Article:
U-M, MSU success a celebration in Michigan
On paper, it was just one factoid from the thousands created from the first weekend of the NCAA tournament.
"This is the first time that Michigan and Michigan State have both advanced to the Sweet 16."
In reality, it was the end of a 35-year roller-coaster ride that wound up with enemy camps joining together for a one-day basketball festival unlike anything in state history.
On Saturday, most observers expected the Palace of Auburn Hills to be bitterly divided, with Michigan State fans cheering wildly for VCU and Wolverines pulling for the Memphis Tigers.
That never happened.
Yes, there were a few die-hard fans from East Lansing or Ann Arbor who took the approach of "the enemy of my enemy is my friend," and would have rooted for anyone other than their cross-state rivals, but for most of the sold-out crowd, it became a celebration. Not of Michigan or Michigan State, but of basketball in the state of Michigan itself.
Die-hard Spartans spent the first game cheering Mitch McGary's rampage and Tim Hardaway's 3-pointers. An hour later, fans dressed in maize-and-blue were screaming as Adreian Payne made spectacular plays at both ends of the floor. At the end of the day — after Michigan had routed VCU and the Spartans had brushed aside Memphis — a single fanbase clad in green-and-gold happily left the Palace.
There were discussions of how things would go in Indianapolis and Dallas, and a general hope for a reunion in two weeks in Atlanta on college basketball's biggest stage. Even Michigan State coach Tom Izzo got into the act, happily admitting that he'd been happy to share allegiances for the day.
"I know it probably shocked the media, but I'm pulling for all the Big Ten teams, and that means I was pulling for Michigan," he said. "I was surprised, because I didn't think the fans would do that, but I felt like it was almost that way."
Izzo said that he thought the temporary bond between the schools was helped by the fact that the games were in easy driving distance of both campuses and being hosted by a third state school in Oakland University.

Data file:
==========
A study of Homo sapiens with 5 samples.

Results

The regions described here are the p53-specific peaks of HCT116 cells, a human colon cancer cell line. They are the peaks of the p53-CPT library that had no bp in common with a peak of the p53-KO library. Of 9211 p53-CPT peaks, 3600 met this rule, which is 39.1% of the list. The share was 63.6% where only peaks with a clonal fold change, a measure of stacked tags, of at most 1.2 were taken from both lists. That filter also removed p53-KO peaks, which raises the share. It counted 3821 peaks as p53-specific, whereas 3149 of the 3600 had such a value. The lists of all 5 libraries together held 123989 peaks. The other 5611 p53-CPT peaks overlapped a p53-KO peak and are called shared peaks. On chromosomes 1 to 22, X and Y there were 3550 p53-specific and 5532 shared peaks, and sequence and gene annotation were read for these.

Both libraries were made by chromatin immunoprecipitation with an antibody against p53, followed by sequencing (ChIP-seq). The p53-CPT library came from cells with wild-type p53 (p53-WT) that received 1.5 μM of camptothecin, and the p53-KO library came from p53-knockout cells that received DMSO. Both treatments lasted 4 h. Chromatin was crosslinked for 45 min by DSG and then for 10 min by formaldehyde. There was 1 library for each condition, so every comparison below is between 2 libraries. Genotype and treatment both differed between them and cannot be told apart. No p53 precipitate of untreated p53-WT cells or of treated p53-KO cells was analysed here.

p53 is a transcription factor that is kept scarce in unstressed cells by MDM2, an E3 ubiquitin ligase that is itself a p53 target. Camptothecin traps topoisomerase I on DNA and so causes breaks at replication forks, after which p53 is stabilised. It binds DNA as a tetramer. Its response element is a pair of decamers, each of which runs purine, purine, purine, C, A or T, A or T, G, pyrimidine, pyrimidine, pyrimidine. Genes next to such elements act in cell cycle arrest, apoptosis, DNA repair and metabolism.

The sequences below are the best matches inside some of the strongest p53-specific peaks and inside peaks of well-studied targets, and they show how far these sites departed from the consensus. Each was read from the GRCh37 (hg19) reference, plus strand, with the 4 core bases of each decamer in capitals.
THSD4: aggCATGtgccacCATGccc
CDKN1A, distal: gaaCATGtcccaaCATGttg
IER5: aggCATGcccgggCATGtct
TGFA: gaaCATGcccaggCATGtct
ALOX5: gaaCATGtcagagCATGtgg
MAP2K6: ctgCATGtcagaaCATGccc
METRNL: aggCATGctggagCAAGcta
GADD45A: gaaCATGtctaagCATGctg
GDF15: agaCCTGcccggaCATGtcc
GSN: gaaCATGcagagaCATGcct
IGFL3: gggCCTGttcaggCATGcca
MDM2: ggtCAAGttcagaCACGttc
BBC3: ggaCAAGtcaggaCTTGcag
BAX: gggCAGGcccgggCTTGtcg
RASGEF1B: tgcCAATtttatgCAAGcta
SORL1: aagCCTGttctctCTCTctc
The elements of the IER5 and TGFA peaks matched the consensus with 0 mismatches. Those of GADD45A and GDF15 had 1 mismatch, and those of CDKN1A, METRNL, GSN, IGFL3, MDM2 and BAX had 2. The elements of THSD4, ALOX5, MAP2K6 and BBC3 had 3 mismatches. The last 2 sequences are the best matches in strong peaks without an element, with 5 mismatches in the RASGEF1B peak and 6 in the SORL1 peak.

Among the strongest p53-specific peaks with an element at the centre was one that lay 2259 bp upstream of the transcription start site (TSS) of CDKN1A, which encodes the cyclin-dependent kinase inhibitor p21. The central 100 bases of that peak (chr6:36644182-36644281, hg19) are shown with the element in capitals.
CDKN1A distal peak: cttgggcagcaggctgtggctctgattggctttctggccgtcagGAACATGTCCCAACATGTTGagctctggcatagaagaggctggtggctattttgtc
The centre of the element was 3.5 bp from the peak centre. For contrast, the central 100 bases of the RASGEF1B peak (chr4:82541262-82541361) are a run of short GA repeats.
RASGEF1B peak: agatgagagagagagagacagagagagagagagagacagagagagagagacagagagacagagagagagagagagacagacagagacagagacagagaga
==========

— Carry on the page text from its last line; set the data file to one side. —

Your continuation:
"It was pretty neat for our state to have two teams in one of the greatest basketball facilities in the country, and have it be right here in Detroit," he said. "It was great for the fans, great for the schools and great for the state of Michigan."
Of course, none of this could have happened if Izzo and Beilein hadn't become the first pair of coaches to simultaneously build strong programs at the schools. Michigan wasn't ready when Jud Heathcote and Magic Johnson won a national championship in 1979, and the Spartans weren't strong enough when Steve Fisher and Glen Rice won their title ten years later.
Michigan continued to be the state bullies in the early 1990s when the Fab Five owned the Crisler Center, but the aftermath from that era meant that Michigan State had the stage to themselves when Mateen Cleaves and Morris Peterson won it all in 2000.
Things have been on cruise control for Izzo, with 11 Sweet Sixteens in 16 years, but Michigan had to rebuild from the Ed Martin scandal. It didn't happen under Brian Ellerbe or Tommy Amaker, but John Beilein has slowly got the recruits he needed.
This should have happened last year, when the schools tied for the Big Ten title, but Michigan still had to pay off some bad karma — losing to the real "Ohio" in a first-round upset.
It was better this way, though. When the teams played at the Breslin Center in February, it was the first meeting when they had both been in the top 10. The second time? Nineteen days later at the Crisler Center.
So, not only are Michigan and Michigan State good at the same time, they are very good. They came within a Jordan Morgan tip-in of sharing another conference championship, and it happened in a year when there just happened to be a first-weekend pod at the Palace.
It could be 50 years before the stars align in the same way, or it might become a common occurrence. Either way, people will remember the year that Michigan and Michigan State teamed up to put on a basketball festival in Auburn Hills.
This isn't permanent, of course. Things won't be quite so friendly if the Wolverines and Spartans meet at the Georgia Dome on April 8, and if that doesn't happen, the battle lines will be definitely drawn back up on Nov. 2 at Spartan Stadium.
For one weekend, though, a split state merged into a single green-and-gold mass. Luckily, they didn't start wearing cheese on their heads.